Types of Advanced TV
Anyone trying to navigate the Advanced TV space has felt the confusion—is there a difference between over-the-top (OTT) and Connected TV (CTV)? What is the benefit to Addressable TV over CTV? What on earth is an MVPD? Why are there so many acronyms?! Fear not! Centro is here to help navigate this rapidly expanding and increasingly confusing landscape.
The first piece of this puzzle is Advanced TV—this umbrella term encompasses each of the targeted TV types: Connected TV, OTT, Addressable TV, and Programmatic TV. Advanced TV is also typically the term people use to talk about the targeted TV landscape overall. With that down, we can tackle the definitions and differences for each type of Advanced TV. See? You’re already getting it!
- Connected TV is simply a television that is connected to the internet and facilitates the delivery of streaming video content. This could be either a Samsung Smart TV, Apple TV, Roku, or even a Playstation or Xbox. CTV is the most accessible Advanced TV option in the programmatic space, allowing advertisers the ability to layer on targeting and frequency the same way you would for other programmatic executions (display or mobile campaigns). Centro has put together additional resources on the CTV landscape including these FAQs on the CTV space, if you would like to dig deeper.
- OTT, or ‘over-the-top,’ is any app or website that provides streaming video content over the internet and bypasses traditional distribution (cable networks). Good examples are HBOMax, Hulu, Netflix and YouTube. OTT can be used interchangeably with CTV—the main difference being that OTT envelops content running across CTV; web browsers, mobile phones, etc., while CTV only refers to Smart TVs and streaming devices attached to TVs.
- Addressable TV is much closer to traditional Linear TV. Whereas OTT bypasses the traditional distribution options (i.e. set-top boxes and cable networks), Addressable TV only runs through these sources. Addressable TV differs from Linear TV, however, because it uses programmatic technology and audience segmentation to serve ads at a household level. This layer of targeting allows two neighbors watching the same programming to be served two different ads based on what is relevant to them.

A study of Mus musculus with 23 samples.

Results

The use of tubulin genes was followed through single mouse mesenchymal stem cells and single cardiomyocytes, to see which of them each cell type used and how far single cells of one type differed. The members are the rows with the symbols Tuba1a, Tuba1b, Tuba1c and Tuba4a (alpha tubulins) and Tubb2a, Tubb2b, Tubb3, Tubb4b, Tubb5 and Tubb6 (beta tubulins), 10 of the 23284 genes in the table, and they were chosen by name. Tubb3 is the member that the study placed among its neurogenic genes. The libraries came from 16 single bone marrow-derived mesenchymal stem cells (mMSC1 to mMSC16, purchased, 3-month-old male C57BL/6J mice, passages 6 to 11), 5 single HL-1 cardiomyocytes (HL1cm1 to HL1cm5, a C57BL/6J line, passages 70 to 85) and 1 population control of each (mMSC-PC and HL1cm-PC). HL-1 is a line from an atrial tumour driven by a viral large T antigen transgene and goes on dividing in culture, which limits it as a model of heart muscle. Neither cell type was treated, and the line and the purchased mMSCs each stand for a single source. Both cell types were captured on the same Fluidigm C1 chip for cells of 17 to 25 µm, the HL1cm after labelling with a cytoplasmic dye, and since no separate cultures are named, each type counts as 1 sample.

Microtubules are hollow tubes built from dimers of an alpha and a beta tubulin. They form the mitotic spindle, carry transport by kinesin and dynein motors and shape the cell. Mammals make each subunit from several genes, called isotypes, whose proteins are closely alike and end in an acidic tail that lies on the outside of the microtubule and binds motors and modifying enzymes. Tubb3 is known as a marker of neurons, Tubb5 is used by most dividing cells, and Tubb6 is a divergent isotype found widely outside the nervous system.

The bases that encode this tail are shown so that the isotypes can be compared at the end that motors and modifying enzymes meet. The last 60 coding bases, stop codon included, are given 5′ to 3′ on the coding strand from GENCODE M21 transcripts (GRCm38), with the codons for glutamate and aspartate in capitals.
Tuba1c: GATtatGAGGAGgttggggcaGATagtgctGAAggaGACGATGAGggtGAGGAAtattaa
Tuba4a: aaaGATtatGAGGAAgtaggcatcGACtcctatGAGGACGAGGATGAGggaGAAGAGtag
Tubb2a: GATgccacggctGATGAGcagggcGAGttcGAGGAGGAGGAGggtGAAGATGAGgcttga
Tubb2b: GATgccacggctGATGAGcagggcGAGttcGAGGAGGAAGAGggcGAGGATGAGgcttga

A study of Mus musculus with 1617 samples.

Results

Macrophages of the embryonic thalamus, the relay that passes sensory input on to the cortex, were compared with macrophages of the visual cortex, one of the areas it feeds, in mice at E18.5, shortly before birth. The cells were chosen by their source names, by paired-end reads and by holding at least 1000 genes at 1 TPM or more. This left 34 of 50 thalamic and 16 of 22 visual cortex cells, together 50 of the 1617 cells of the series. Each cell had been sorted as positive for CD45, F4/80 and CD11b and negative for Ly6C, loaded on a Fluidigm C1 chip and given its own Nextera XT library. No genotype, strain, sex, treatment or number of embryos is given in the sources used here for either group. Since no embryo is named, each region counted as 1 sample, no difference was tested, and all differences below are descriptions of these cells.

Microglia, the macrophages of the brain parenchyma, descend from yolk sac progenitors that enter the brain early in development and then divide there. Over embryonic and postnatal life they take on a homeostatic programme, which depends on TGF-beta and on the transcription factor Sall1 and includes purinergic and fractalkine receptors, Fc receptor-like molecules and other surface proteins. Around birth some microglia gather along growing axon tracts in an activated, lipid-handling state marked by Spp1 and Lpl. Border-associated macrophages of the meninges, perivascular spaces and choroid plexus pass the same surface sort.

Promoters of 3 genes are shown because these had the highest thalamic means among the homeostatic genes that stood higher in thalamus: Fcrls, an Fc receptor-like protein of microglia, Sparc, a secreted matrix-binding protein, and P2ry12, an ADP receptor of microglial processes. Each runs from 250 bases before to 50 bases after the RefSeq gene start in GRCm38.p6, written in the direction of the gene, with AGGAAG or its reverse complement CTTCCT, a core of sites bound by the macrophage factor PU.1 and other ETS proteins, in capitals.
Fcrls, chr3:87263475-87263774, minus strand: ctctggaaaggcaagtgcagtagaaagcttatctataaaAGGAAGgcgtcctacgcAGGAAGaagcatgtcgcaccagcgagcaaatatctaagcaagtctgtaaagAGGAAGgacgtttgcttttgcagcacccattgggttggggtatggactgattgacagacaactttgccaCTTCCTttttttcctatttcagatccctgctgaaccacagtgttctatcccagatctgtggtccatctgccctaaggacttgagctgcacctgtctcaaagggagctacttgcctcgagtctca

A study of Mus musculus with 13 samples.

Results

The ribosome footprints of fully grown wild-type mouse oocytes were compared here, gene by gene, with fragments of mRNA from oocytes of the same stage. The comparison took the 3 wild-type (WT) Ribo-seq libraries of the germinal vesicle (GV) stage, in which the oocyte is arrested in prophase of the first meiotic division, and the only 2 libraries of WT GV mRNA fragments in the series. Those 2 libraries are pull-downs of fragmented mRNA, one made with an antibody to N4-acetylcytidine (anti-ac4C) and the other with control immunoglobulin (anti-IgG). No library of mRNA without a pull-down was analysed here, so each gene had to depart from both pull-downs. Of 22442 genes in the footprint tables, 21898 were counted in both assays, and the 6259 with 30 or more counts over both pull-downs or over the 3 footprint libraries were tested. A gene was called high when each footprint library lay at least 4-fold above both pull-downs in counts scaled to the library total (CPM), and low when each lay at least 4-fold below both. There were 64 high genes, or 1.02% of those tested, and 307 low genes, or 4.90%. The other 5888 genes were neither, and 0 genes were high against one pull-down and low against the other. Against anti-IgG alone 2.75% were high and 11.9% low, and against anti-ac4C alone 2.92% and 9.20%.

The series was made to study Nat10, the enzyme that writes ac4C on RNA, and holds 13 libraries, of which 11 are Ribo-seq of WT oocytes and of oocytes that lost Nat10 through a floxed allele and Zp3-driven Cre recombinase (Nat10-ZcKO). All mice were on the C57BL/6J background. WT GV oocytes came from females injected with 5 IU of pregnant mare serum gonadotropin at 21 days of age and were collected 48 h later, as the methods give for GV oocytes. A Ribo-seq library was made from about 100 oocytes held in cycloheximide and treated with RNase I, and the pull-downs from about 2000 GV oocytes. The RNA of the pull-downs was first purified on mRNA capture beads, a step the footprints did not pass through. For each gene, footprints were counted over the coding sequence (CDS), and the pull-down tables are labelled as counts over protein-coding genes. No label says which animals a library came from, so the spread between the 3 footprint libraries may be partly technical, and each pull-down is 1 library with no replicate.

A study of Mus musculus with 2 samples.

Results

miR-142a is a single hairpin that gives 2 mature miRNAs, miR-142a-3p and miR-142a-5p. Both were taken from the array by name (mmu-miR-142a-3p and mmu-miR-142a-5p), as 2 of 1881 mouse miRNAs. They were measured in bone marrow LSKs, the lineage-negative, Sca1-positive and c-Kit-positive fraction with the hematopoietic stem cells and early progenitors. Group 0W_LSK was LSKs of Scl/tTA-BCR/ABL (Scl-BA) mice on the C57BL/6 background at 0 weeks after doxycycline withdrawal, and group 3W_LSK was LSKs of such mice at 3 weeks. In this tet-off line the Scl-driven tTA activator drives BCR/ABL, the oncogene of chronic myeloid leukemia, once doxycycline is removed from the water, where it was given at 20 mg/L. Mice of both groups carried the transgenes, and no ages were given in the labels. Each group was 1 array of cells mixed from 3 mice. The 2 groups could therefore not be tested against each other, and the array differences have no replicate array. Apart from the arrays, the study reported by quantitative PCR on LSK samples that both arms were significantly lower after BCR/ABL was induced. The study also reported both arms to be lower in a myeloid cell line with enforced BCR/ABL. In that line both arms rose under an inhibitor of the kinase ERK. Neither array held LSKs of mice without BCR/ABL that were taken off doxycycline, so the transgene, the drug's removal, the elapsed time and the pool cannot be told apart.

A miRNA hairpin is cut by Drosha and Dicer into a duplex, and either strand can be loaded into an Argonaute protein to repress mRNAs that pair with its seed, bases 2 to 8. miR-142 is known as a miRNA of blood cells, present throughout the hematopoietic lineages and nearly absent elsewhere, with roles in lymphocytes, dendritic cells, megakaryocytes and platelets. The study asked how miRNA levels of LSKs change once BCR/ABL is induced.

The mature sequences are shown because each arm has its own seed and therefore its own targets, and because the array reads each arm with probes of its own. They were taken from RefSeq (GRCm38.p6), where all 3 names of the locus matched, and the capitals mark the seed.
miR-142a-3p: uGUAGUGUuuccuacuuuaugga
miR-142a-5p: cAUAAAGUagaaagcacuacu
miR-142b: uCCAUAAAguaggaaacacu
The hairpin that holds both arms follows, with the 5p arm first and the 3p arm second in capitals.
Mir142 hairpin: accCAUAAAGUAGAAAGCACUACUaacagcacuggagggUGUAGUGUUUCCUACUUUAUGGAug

- Programmatic TV and data-driven linear are one and the same. Data-driven linear is slowly becoming a more common name, as it more accurately describes this type of TV—using programmatic buying technology (data-driven) to purchase linear TV inventory. Unlike the other Advanced TV offerings differentiated by their targeting, Programmatic TV stands out because of how measurable and defined in reach and frequency it is compared to traditional TV. EMarketer estimates that programmatic TV ad spend will reach 4.73 billion in 2020, nearly tripling the 2018 spend total.
Some other terms often thrown around in the advanced TV space are MVPDs, vMVPDs, SVOD, and AVOD. Think of these as different sources of inventory for the types of Advanced TV. Review more detail on each of these services, below:
- Multichannel video programming distributors (MVPDs) are service providers that deliver programming over cable, satellite, or wireline/wireless networks. Examples of MVPDs are Comcast, Cox, and Direct TV. Simply put, these are distribution sources for live and on-demand TV across multiple channels. Addressable TV, Data-Driven Linear, and traditional TV tap into these inventory sources, while CTV/OTT bypass these traditional distribution sources.
- Virtual multichannel video programming distributor (vMPVD) is a service that delivers live and on-demand television via the internet without using satellite or cable. These are internet only subscriptions such as Sling, Youtube TV, and Hulu Live. You may also hear this referred to as linear OTT. “Linear” is the key difference between a vMPVD and OTT or subscription video on demand (SVOD), as the content of a vMPVD is live television, while OTT and SVOD (Hulu, Prime Video) cater to cord-cutters. Virtual MVPD use is still small, but growing rapidly with streaming up 58% YoY from 2017-2018.
- Ad-Supported Video on Demand (AVOD) is a service that brings free access to content and is supported by ads rather than subscription fees (Crackle and Hulu).
- Subscription Video on Demand (SVOD) is when users pay a monthly fee in exchange for access to a streaming library of movies, TV shows, and other content. This is the only service that is not an inventory source for advanced TV, as it is made up of paid subscriptions vs. being ad-supported.
The Advanced TV landscape is complex, but hopefully this guide helped clarify some of its intricacies. Buyers can access and discover CTV/OTT inventory through the private marketplaces and open exchange in Basis. Centro teams can also advise and execute buys across data-driven linear and addressable TV—learn more about Centro’s Connected TV offering here.